Or how I learned to stop worrying and love the algorithm.

whiskey lab Charl Folscher/Unsplash

You know how your Instagram feed starts sending you ads for khakis the minute you think about how you need a new pair of pants? Well, spirits giant Diageo is further immersing itself in the world of tech that knows what you want before you know what you want with the acquisition of flavor matching company Vivanda.

While not quite as nefarious sounding as the real life blocking or memory recall of a Black Mirror episode, this is indeed a look at what the future may hold for whisky consumers. Diageo has actually been using Vivanda’s technology since 2019 in several markets, including the “Journey of Flavour” experience at Johnnie Walker Princes Street in Edinburgh, as well as stores, ecommerce channels and the website Malts.com. It’s also the foundation of the “What’s Your Whisky” website, which works like this: Vivanda’s “FlavorPrint” system is powered by artificial intelligence, and by asking you a series of questions it’s able to map out your individual flavor preferences and suggest which whisky you should try based on your specific “Flavor Print.” Once you get your results, you are able to click to purchase a bottle of Talisker or Lagavulin or Oban, depending on your results.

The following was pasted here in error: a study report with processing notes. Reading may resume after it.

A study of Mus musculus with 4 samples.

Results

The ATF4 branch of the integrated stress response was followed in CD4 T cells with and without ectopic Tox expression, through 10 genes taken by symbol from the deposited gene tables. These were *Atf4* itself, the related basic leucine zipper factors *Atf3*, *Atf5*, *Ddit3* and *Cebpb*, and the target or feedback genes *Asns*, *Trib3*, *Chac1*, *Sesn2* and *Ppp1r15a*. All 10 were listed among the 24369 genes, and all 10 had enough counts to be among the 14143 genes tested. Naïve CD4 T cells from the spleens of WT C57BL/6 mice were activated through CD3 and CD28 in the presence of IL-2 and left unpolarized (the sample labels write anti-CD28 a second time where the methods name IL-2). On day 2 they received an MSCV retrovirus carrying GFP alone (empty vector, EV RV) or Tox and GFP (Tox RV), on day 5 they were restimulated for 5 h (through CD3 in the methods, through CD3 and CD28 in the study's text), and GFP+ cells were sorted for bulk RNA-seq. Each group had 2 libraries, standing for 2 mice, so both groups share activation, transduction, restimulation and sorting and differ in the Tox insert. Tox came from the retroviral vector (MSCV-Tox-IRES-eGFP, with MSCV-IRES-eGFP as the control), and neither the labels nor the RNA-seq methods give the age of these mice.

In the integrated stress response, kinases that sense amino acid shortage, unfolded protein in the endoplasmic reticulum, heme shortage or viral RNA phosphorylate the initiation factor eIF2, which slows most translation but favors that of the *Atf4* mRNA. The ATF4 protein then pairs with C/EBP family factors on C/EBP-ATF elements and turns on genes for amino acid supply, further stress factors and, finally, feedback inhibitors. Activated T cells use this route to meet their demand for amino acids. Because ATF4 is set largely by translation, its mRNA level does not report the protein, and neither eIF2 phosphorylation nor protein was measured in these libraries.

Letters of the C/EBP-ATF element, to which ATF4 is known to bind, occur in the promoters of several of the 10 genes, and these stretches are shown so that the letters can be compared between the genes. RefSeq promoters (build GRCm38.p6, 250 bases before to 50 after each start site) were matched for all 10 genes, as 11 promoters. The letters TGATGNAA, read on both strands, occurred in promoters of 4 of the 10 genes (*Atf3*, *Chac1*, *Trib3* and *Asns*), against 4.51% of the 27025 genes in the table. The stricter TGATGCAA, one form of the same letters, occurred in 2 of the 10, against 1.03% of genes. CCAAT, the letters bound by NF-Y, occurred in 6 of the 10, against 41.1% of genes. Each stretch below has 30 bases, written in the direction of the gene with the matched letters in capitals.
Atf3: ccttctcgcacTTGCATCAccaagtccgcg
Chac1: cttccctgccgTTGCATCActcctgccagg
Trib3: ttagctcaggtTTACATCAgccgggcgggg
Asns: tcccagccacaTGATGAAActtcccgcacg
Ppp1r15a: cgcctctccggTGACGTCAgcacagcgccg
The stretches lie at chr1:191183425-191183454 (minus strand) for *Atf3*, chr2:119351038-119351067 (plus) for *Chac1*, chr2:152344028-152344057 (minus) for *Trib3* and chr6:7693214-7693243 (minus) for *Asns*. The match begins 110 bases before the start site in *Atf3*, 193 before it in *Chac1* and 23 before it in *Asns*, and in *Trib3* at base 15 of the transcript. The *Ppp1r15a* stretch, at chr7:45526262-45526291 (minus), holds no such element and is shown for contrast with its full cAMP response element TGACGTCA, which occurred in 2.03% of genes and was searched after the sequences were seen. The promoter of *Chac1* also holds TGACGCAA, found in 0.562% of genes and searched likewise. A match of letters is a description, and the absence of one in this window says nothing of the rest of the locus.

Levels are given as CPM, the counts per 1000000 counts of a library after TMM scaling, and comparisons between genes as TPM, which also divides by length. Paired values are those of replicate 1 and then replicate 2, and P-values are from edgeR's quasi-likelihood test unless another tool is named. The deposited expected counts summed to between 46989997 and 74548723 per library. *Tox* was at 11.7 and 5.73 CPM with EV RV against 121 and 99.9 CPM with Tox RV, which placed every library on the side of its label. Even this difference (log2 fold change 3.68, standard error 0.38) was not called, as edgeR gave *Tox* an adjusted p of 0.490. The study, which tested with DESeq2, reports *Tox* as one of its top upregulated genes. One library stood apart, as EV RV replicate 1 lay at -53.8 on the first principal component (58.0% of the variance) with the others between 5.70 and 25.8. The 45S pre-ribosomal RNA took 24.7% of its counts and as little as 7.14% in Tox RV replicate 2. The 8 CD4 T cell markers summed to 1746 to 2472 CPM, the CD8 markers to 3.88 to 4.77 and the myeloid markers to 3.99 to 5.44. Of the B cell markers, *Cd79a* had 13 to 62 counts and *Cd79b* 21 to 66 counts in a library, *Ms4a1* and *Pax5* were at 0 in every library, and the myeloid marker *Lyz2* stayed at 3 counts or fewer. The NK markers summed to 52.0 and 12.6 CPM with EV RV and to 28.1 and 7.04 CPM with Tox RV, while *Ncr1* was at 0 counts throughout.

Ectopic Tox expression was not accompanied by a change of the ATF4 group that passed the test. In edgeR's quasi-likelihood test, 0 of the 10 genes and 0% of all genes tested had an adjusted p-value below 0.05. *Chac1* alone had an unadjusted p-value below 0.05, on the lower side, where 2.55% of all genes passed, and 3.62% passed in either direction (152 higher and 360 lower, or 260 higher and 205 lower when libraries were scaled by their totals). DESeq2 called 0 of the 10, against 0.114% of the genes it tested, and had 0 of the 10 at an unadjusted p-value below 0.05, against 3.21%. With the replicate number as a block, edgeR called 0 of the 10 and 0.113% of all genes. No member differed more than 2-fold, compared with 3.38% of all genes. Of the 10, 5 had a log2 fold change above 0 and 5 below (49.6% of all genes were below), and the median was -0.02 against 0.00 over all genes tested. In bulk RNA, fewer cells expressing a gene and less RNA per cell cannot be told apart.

Diageo plans to expand the use of Vivanda’s technology to other categories within its sizable portfolio, as well as using it to support “the continued development of our advanced analytics and digital marketing capabilities” to provide better understanding of just exactly what it is you like to drink, according to a press release. “We know consumers are looking for more personalized, interactive experiences and that they are increasingly engaging with our brands digitally as well as in person,” said Diageo chief marketing officer Cristina Diezhandino in a prepared statement. “We’re delighted to welcome Vivanda to Diageo and we are looking forward to working together to connect with consumers in more innovative ways that help shape the future of how we socialize in person and virtually.” So far the whisky has not become sentient and experienced its first sensation of love, but we are still in early days.